The Scarlet Threads and Skeins We Unravel
"The moment seemed to sum up my extraordinary friendship with Sherlock Holmes. Together, we had stood in many a drawing-room, many a library, and in our own rooms in Baker Street, examining evidence, discussing the significance of trifles, sifting through the debris of shattered lives, searching for truth and justice."
Continuing with my second anthology to read, relish and review for Sherlock Holmes' Birthday Month is Murder in Baker Street edited by Martin H. Greenberg., Jon L. Lettenberg and Daniel Stashower. This collection is composed of eleven compact tales of hard-boiled cases that are conventionally delivered in the typical Doyle-esque Victorian classic narrative which works to a certain extent in the seven stories that I favored the most. I was fresh from the heels of the first anthology I read (Twenty-Two Hundred Baker Streets) so I think comparing and contrasting these volumes has been unavoidable. It's truly an apples-and-oranges scenario, however. While Twenty-Two Hundred was a volume that focuses more on alternate-universe scenarios and speculative fiction, the stories in Murder in Baker Street are all set in the established canon timelines with a few tweaks where Holmes and Watson were able to meet certain real-life figures (such as Bram Stoker) or become privy to witness the effects of inventions that they were never able to be acquainted with in Doyle's original stories.
In the editors' introduction, they specifically stated that they wanted their collection to stay true to the essence of Arthur Conan Doyle's characterization and formulaic writing and if you're like me who will always prefer the canon over anything else (including visual adaptations; however, Elementary to me is the closest one that captured the partnership of Holmes and Watson and the sheer attention to detail and procedural investigation that Doyle have employed whenever Holmes unravels a case) then this volume will please you if it's strictly based in a purist's perspective. The authors who contributed their stories have certainly made a stellar effort to incorporate the exceptional elements that made Doyle's Sherlock Holmes timeless and critically-acclaimed in the first place, including the atmospheric grime and smog of London with all its horrors and wonders.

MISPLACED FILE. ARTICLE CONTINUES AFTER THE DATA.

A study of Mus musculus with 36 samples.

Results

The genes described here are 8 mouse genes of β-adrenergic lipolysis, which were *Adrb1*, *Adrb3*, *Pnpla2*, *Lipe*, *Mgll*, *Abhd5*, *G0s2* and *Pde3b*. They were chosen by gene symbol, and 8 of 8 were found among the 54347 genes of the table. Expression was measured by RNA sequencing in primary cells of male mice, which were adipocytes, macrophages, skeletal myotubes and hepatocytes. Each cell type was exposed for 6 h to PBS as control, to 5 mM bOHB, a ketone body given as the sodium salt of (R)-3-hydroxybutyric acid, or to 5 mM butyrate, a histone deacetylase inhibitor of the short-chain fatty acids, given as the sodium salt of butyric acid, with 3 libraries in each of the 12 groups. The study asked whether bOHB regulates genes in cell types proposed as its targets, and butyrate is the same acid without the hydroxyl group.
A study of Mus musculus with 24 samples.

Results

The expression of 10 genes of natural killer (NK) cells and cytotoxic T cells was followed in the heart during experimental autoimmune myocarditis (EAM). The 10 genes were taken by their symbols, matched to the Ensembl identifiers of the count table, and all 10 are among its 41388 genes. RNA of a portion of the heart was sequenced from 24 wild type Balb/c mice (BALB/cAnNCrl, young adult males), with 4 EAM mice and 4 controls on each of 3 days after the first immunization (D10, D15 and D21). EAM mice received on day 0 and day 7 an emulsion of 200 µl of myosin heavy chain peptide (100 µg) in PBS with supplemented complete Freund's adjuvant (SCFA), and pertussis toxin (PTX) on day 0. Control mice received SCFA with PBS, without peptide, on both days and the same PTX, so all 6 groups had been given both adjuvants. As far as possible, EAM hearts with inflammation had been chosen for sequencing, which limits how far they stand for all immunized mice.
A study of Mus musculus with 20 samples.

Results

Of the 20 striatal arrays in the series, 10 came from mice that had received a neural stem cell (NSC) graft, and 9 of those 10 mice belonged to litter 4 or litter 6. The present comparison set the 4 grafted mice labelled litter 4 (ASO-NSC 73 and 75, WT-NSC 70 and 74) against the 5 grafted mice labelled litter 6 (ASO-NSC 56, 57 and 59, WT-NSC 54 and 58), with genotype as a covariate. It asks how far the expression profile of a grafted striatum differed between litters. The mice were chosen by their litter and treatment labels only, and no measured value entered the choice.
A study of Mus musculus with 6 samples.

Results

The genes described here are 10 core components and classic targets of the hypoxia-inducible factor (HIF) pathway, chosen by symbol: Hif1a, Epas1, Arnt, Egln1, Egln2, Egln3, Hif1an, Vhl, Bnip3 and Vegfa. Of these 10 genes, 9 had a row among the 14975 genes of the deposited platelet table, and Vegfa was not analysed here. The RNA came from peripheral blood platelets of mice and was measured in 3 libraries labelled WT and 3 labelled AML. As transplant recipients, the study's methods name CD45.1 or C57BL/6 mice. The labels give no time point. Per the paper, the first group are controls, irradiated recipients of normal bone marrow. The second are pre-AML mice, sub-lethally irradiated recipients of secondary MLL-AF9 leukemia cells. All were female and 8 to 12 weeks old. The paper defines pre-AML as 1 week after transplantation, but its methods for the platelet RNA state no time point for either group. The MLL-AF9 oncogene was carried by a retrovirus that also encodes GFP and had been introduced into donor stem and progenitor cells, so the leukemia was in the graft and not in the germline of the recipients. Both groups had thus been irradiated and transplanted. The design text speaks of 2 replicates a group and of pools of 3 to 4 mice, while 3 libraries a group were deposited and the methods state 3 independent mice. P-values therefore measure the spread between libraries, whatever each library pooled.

Each tale is self-contained as most of Doyle's short stories tend to be where a seemingly mundane or inexplicable problem at hand is brought by a client (who may be a victim, perpetrator or both) to 221b Baker Street where the world's only consulting detective and loyal bibliographer and friend reside. There the investigation starts which breathlessly or sometimes patiently unfolds until we get to the part where a twist or a solution is revealed that could either be very shocking or rather simple yet elegantly detailed and satisfying nonetheless.
Out of the eleven stories, I enjoyed seven the most. These are (1) The Man from Capetown by Stuart M. Kaminsky, the first story that establishes the setting and tone of the entire anthology; (2) The Siren of Sennen Cove by Peter Tremayne where a religious man visited Holmes after the detective's retirement to solve the mystery behind a series of shrunken ships in the coast; a very whimsical Moriarty story called (3) The Case of the Bloodless Sock by Anne Perry; (4) A Hansom for Mr. Holmes by Gillan Linscot that is narrated by another character, a modest cabbie who wanted nothing to do with Sherlock Holmes until he gets caught up in an assassination attempt; the very straightforward yet amusing puzzle-story (5) The Adventure of the Chesire Cheese by Jon L. Breen; (6) Darkest Gold by L.B Greenwood which had Watson trying to fool Holmes with a disguise as he follows his friend to a rather dangerous scheme involving a married couple and an ethnic tribe; and, finally, (7) The Remarkable Worm by Carolyn Wheat where Holmes and Watson get commissioned for their very own wax figures to be displayed in the London Museum yet they somehow ended up stumbling upon a terrible family affair. These were charming stories that hit me with nostalgia the strongest.
This anthology will be better appreciated if you've enjoyed the Doyle canon itself since the style and linguistics of the stories here are more conventional and in line with how the original author has written Holmes and Watson as well as the cases they solve.